Gear Orvis Pro Approach or Simms Lighwight Felt wet wading shoes

Questions about flyfishing gear, camping gear, whatever.

MGTom

Living at the place of many waters
WFF Supporter
I like my sandals for the lower elevation stuff, but the rubber soles do slide on the algee edges and they certainly are not suitable to the pocketwater and thick brush edges like where I was yesterday. I like the Korker boots I got last spring and have come to really like the felt soles, I wore them yesterday, although I bet they would feel better with a neopreme sock to take up space. Might just do that, but I want something less clunky.
Looking for a shoe. One issue is I'm a true 9.5, narrow heel, high arch, like a big (not too) toebox. FYI Keens don't fit me, addidas are ok, Sperrys fit great. Also I can't go try them without a few hour drive.
I mentioned in another thread I was curious about the Orvis Approach Shoe . I'm familar with michelin sticky rubber from racing so I was wondering how well these do on the algee covered rocks.
I was also looking at a felt sole, I like the grip. I'm a little concerened about wear as I notice I'm wearing the Korker felt pretty good. 0.5-2mi of river, usually with an equal walk on trail or roads, several times a week. I though the Simms Flyweight Felt might be something to try. I realise I will be refelting but the sure grip makes me feel safer.
I know they are both low tops, but if anyone knows which feels more supportive I'd like to know.
I've done Keds, shoes with carpet glued on, ect. I'd rather do boots than those, but I think I want a shoe. Thanks in advance
 

Zak

WFF Supporter
WFF Supporter
I'm either in my Chavo sandals or my felt bottom wading boots with a neoprene fold over sock. I has sticky rubber boots when Vermont briefly outlawed felt and went down hard several times wearing them on slimy rocks. For algae covered rocks, I think felt, felt with studs, or aluminum bars are the way to go.
 

Buzzy

Active Member
I have come to the conclusion from forum member input (and my own stumbling around) (https://www.washingtonflyfishing.com/forum/index.php?threads/165825/) that wading shoes/boots/sandals are a lot like fly rods - one pair ain't enough. I have three pairs of wading boots, two of them are studded (one felt, one LL Bean tacky rubber), the third pair are un-studded felt.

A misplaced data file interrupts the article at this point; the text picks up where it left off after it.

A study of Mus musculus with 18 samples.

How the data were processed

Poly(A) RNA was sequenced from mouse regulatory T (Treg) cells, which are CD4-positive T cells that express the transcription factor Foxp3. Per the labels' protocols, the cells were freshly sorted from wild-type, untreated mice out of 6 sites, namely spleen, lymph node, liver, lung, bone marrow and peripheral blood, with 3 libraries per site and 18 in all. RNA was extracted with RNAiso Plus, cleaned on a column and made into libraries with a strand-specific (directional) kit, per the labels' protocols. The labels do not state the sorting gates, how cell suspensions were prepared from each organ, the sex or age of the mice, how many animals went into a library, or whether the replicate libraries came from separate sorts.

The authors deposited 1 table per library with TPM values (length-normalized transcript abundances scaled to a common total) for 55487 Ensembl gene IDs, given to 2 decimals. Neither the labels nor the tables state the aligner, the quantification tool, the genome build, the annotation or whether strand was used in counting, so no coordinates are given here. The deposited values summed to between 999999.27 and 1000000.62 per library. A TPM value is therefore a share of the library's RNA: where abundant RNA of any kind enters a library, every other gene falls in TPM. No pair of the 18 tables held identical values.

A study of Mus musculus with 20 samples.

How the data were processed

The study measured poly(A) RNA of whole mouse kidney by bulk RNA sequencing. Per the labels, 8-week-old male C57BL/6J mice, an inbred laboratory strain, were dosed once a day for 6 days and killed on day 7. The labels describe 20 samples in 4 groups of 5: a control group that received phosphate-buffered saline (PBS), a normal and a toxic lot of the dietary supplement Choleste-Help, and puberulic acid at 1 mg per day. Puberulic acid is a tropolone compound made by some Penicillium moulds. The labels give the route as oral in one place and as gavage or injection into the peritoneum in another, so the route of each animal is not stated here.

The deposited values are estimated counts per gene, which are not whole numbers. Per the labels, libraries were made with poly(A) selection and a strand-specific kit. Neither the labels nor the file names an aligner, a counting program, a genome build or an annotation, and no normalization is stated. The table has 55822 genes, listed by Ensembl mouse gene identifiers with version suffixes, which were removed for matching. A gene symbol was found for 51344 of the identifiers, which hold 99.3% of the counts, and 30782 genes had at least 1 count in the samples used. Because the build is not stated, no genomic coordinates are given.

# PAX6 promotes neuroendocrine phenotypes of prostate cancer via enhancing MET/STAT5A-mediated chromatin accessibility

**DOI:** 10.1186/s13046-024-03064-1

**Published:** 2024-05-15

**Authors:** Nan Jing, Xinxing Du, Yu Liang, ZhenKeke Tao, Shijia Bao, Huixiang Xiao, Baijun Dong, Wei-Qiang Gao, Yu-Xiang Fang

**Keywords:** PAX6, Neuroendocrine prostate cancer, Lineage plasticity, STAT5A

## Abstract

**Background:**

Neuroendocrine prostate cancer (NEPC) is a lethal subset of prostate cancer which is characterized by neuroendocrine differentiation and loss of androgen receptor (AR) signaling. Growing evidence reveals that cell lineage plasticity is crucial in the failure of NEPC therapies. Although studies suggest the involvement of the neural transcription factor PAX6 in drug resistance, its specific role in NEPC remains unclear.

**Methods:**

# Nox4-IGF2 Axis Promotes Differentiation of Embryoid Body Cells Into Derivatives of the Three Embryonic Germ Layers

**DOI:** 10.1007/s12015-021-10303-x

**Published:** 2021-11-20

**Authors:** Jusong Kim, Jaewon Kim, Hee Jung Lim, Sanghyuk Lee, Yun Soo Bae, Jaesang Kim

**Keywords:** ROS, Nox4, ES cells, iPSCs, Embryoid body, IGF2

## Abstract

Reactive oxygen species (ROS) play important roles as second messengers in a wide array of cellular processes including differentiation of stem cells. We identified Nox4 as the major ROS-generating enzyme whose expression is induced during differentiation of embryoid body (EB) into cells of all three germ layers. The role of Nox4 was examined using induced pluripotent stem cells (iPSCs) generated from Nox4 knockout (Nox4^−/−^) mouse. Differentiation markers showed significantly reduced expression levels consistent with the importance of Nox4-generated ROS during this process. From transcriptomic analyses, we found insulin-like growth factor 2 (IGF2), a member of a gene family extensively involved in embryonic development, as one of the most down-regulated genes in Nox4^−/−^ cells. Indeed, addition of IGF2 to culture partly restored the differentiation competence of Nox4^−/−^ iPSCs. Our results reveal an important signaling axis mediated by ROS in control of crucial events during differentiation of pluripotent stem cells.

For me, this time of year, I'm stalking carp and I've come to the conclusion I'm scaring or at least warning carp something is near with the noise the studs make basalt and loose rock.

Good luck, Tom!
 

MGTom

Living at the place of many waters
WFF Supporter
Protect your feet and ankles by wearing boots and neoprene socks of the proper thickness. I wear felt soles or felt with studs. Usually the later. I do not want to ruin a trip wearing anything less...
After this week I agree, boots supply more support and ankle protection. Going to look at Neoprene socks like you mentioned. With the felt I just wish I could get up a small scree or pine needle covered bank without sliding back down into the water.
 

Rocking Chair Fan

No more hot spotting
There is additional advise in the other thread also about socks and neoprene. IMHO keeping rocks, gravel and sand out of the boot is of great importance. I have some neoprene cuffs that zip up that go over/outside the socks and over the top of boot to accomplish that. It works well...
 

PV_Premier

Active Member
Same problem for me. I hate hiking in and out in wading boots. Last season I was wearing sneakers for the hike and carrying my boots in the backpack in and out. Too heavy, especially on the way out. I am looking for either a lighter weight carry in/out solution for wet wading, or something I can wear on the hike in and out as well as in the water.

I considered both of those options as well as doing a DIY stud job on some old Keens. Not sure yet but time is of the essence as it's now tributary season in full force.
 

Mrdiecky

Salmonid DDS
Used the approach shoes. As some of you know i broke my leg and tore a lot of stuff in my left knee last year. The leg is finally getting back to normal, but my balance isnt what it used to be. Well these shoe provided excellent traction on the wet rock, slimy rocks and on dry land. Nice wide sole so you always feel stable. Definitely worth the money IMHO.
 

MGTom

Living at the place of many waters
WFF Supporter
Used the approach shoes. As some of you know i broke my leg and tore a lot of stuff in my left knee last year. The leg is finally getting back to normal, but my balance isnt what it used to be. Well these shoe provided excellent traction on the wet rock, slimy rocks and on dry land. Nice wide sole so you always feel stable. Definitely worth the money IMHO.
Thx for the feedback.
 

Bruce Baker

Active Member
Used the approach shoes. As some of you know i broke my leg and tore a lot of stuff in my left knee last year. The leg is finally getting back to normal, but my balance isnt what it used to be. Well these shoe provided excellent traction on the wet rock, slimy rocks and on dry land. Nice wide sole so you always feel stable. Definitely worth the money IMHO.
I was really amazed at how well the Michelin sole grips when I wore them for the first time.
 

MGTom

Living at the place of many waters
WFF Supporter
I was really amazed at how well the Michelin sole grips when I wore them for the first time.
Good to know. I realize at this point I'm going to use up the Korker felt in 1/2 a season. But I do like the grip, that's why I keep putting them on. I feel safe. I think many days a shoe will work, so we'll see. The footware selection will be right up there with the number of rods, the right piece of equipment for the day. I notice the simms rubber sole will take studs, interesting that orvis feels the compond does well enough. I did like michelin bike tires for the grip factor.